Hillary Clinton's Complicated Ties to Big Oil
She's taken a strong stance on campaign donations from private prisons, but Hillary Clinton is yet to walk a clear line on accepting money from fossil fuel corporations and lobbyists.
This week, Greenpeace and more than 20 partners called on all 2016 presidential candidates to commit to a people-powered democracy. That means their potential administrations would prioritize reforms to get money out of politics and protect voting rights. To prove they mean business, we’re asking all candidates to start off their pledge with a commitment to refuse all campaign donations from fossil fuel companies.
Already, presidential candidate Bernie Sanders has signed the pledge and vowed to reject dirty energy money. Now our sights are set on candidates Hillary Clinton and Martin O’Malley.
To be sure, candidates from both parties have a role in protecting our democracy. The campaign committee for Republican candidate Ted Cruz, for example, has also taken money from the fossil fuel industry, specifically the Murray Energy PAC, part of the nation’s largest underground coal mining company.
Secretary Clinton has already said that she believes Exxon should be prosecuted for misleading the public on what it knew about climate change going back to the 1970s. New evidence has surfaced showing that other fossil fuel companies, including Shell and Chevron, also knew.
But when asked last month whether her campaign would stop taking money from the fossil fuel industry, Clinton wavered, saying that she wasn’t aware if her campaign had taken money, but would look into it.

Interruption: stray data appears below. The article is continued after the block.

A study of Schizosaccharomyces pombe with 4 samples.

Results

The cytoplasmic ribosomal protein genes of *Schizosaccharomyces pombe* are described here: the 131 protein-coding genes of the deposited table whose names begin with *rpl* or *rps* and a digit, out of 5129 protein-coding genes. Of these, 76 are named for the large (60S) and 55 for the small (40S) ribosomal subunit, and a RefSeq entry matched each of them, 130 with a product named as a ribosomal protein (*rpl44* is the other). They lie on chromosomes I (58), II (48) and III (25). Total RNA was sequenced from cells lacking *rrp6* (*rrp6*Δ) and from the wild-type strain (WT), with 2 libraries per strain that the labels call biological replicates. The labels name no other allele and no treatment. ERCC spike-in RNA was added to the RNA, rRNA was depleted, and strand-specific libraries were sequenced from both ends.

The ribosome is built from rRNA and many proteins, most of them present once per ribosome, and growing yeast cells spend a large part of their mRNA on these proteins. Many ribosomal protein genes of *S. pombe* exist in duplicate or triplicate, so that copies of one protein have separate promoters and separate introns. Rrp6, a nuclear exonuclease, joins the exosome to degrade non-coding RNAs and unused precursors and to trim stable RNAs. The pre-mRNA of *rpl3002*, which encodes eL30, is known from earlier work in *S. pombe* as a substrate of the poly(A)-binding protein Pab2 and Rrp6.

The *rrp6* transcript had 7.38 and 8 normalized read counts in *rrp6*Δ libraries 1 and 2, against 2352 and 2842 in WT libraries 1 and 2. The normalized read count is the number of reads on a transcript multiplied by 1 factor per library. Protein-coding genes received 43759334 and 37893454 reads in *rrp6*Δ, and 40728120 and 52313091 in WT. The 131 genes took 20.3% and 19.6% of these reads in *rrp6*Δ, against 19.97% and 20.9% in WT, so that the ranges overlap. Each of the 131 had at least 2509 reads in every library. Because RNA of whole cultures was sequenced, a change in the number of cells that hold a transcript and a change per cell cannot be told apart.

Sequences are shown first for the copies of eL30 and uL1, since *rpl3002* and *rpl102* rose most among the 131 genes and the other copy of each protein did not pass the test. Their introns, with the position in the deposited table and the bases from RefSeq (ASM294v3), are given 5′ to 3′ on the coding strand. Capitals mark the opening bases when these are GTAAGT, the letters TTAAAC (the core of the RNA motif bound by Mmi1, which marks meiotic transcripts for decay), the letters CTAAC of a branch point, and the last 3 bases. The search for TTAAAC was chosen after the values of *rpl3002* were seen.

Well, we looked into it.
While it’s true that Clinton’s campaign committee has not taken any money from Exxon or Exxon’s political action committee, it has taken money from fossil fuel lobbyists. Analyzing just Exxon, seven of the company’s lobbyists gave the maximum allowable amount to Clinton’s presidential campaign.
Clinton’s campaign bundlers also have strong ties to the fossil fuel industry. Bundlers act as lobbyists for campaigns, recruiting other people they know to make individual donations. Outside analysis showed that nearly all of the Clinton campaign’s registered bundlers have worked for the fossil fuel industry.
Does money from fossil fuel lobbyists count as donations from the industry? According to Secretary Clinton they do. As part of her stance on criminal justice reform, Clinton announced that her campaign “does not accept contributions from federally registered lobbyists or PACs for private prison companies and will donate any such direct contributions to charity.”
Secretary Clinton clearly understands what it means to truly separate oneself from industry. It only makes sense that she go all the way on dirty energy. That means no money from fossil fuel companies, fossil fuel PACs, fossil fuel executives or board members or lobbyists.
Why It Matters
Secretary Clinton joked that she’s “not one of [the fossil fuel industry’s] favorites” and that “they certainly haven’t made much of an impression on [her].” But whether or not the Clinton campaign wants to admit it, money buys access. And when lobbyists from companies like Exxon buy access, they inevitably buy influence too.
As a presidential candidate, Secretary Clinton was notoriously slow in announcing her stance against the Keystone pipeline. And a pro-Clinton super PAC is already promoting Clinton’s support for natural gas. Which company is the nation’s largest natural gas producer? You guessed it: Exxon.
It’s a broken system, but we can start fixing it right now.
Secretary Clinton can show us she takes the future of our democracy seriously by refusing fossil fuel money, but that’s only the beginning.
As our potential president, Secretary Clinton should support common-sense measures like public funding for campaigns and overturning the Citizens United Supreme Court decision, which allows corporations to make unlimited political donations through Super PACs. Secretary Clinton should also affirm her support for protecting voting rights, which have faced numerous attacks in recent years.
By shifting our politics from money to people, we can create a political system that actually allows progress on the issues we care about—from racial inequality, to fighting climate change, to gun control. It’s means new policies that protect—not impede—everyone’s right to vote. And it means creating the space for the solutions we need today and for future generations.